Safety on the Water: Keeping Things Fun, While Maintaining a Safe Environment

FunCat boat safety

May is National Water Safety Month! The purpose of this campaign is to bring into focus the importance of water safety in all types of swimming and aquatic environments. Swimming and other water-related activities are increasingly popular this time of year, so it’s helpful to be reminded of safe water practices. The American Red Cross, World Waterpark Association, National Recreation and Park Association, and the Association of Pool & Spa Professionals are partners in coordinating the awareness campaign.

Statistics make it clear how important it is to communicate information regarding water safety. According to the Centers for Disease Control and Prevention (CDC), from 2005-2014, there were 3,536 fatal, unintentional drownings (non-boating related) annually in the United States. Additionally, over 300 people die each year from drowning in boating-related incidents. About one in five people who die from drowning are children 14 and younger. The following recommendations will help your family have fun on the water while staying safe.

Learn to Swim!
child swimming - water safetySurprisingly, over 50% of Americans can't swim. Learning to swim is one of the most important ways to prevent water safety accidents. Getting kids into formal swimming lessons can reduce the risk of drowning by 88%. Check with your local YMCA facility or swim school for a list of upcoming classes and sign up! Adults should not only learn basic swimming skills, but should consider adding water safety training to their repertoire of parenting skills. The Red Cross offers a variety of classes and life-saving training opportunities, from first aid to CPR. Check out some of the programs here.

Friend and Family Time
Lifeguard sleeping
The water is more fun with friends! Always swim with at least one companion. Don’t allow anyone to swim alone, even at pools or beaches with lifeguards. It’s a good idea to keep a cell phone nearby, in case there is a need to call for help. When you’re boating, be sure to go with a friend or two. Equip your boat with appropriate life jackets - and wear them! Even good swimmers should be properly equipped with life jackets. While boating and swimming, stay alert for dangerous waves or signs of rip currents. Some visual signs of potentially unsafe water include: water that is discolored and choppy, foamy, or filled with debris and moving in a channel away from shore.

photo courtesy
Monitor Children In And Around Water
Never leave a child unattended around the water. Appoint a responsible adult as the “water watcher” so children are monitored at all times. Stay within arm’s reach of little ones and stay focused. Remove toys from the water when the kids are not playing with them. Toys can be a powerful attraction to inexperienced or untrained swimmers. Train children in safe practices such as walking – not running – at the pool. Always brief babysitters on water safety, emphasizing the need for constant supervision. Additionally, remind those in charge that not all water accidents include splashing and noise. Relying on sound to assure safety is not adequate.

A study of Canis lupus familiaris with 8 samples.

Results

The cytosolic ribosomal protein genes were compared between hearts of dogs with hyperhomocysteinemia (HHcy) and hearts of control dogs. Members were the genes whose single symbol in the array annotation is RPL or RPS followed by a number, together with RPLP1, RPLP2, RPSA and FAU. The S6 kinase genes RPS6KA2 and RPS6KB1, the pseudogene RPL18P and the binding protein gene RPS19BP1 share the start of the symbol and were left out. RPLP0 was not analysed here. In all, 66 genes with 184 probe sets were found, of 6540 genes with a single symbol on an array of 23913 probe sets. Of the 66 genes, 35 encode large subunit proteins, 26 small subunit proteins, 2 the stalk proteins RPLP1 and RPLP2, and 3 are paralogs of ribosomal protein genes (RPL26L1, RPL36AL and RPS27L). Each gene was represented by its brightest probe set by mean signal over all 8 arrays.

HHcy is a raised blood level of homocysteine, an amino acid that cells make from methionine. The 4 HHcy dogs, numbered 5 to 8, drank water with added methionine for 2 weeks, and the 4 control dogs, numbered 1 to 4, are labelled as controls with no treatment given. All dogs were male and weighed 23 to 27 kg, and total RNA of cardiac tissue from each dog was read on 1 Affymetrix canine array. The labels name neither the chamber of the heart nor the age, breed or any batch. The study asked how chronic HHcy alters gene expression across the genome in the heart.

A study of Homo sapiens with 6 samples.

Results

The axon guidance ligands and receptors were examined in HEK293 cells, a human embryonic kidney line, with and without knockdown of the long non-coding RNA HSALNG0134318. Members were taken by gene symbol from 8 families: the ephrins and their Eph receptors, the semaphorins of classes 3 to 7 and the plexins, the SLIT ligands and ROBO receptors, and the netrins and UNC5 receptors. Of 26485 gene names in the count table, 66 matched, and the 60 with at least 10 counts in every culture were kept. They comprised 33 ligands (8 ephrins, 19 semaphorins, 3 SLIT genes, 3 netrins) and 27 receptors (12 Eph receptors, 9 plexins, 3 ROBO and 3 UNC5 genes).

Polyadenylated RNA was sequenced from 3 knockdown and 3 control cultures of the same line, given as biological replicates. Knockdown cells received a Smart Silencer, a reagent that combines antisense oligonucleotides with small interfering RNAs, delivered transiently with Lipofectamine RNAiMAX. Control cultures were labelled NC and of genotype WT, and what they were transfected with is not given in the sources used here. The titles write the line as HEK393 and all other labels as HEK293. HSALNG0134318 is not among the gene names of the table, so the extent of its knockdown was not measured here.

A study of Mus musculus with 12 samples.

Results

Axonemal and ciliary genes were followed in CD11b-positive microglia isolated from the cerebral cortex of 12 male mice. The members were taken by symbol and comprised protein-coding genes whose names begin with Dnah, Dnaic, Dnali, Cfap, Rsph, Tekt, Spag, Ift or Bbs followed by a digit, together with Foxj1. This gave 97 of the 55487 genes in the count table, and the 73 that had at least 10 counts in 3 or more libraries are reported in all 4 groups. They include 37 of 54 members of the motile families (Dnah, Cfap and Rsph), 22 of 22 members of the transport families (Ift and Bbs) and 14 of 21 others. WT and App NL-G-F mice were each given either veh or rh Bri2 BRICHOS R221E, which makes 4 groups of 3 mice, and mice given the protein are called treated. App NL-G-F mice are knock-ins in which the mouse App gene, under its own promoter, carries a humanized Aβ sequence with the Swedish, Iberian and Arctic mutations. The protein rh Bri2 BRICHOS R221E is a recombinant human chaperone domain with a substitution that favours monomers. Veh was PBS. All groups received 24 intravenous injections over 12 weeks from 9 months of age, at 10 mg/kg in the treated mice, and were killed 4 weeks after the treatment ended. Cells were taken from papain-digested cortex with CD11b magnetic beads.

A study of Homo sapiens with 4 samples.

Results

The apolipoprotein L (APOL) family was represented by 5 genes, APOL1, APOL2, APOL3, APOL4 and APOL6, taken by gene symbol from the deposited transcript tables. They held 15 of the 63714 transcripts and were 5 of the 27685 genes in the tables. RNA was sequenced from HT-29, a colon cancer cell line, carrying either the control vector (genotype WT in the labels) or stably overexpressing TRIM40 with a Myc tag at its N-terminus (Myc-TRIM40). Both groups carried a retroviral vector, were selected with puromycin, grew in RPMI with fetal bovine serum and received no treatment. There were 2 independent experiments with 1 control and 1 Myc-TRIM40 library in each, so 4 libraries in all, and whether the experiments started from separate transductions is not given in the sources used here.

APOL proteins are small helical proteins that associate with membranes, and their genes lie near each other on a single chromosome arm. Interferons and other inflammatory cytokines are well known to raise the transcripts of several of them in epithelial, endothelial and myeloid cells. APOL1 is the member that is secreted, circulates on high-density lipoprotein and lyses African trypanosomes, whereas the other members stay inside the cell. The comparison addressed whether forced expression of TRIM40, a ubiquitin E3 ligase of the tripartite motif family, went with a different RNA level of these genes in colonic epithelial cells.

Create a Safe Pool Environment
pool safety gate
A safe pool is a fun pool. There are many things you can do to improve the safety of your backyard pool. Start with a professionally built swimming pool that meets local codes. If you have an existing outdoor pool, it should be enclosed with a four-sided, sturdy fence that completely separates the pool area from the house and yard. The fence should be at least 4 feet high. Use self-closing and self-latching gates that open outward with latches that are out of reach of children. Additional barriers such as automatic door locks and alarms can prevent access or alert you if someone enters the pool area. Add a safety cover, and upgrade to a pool pump with a safety vacuum release system (SVRS). Maintaining your pool on a regular basis will also go a long way to keeping the environment safe. Added safety measures should include keeping a phone within easy reach, and having a first aid kit nearby, whenever the pool is in use.

Boating Safety Measures
Take a course and know the signs! Most states require a boating license, but even if it is not required, taking a class or two to learn about boating safety can prevent unnecessary accidents. Understanding the signs you will see along waterways, such as the various markers and signals, can prevent accidents and ensure that you have a fun and memorable experience. Check out these boating safety tips from the US Coast Guard.

Spending time on the water, having fun, and enjoying time with loved ones in a safe environment can create lasting, happy memories. What are you doing to promote safety in and around the water?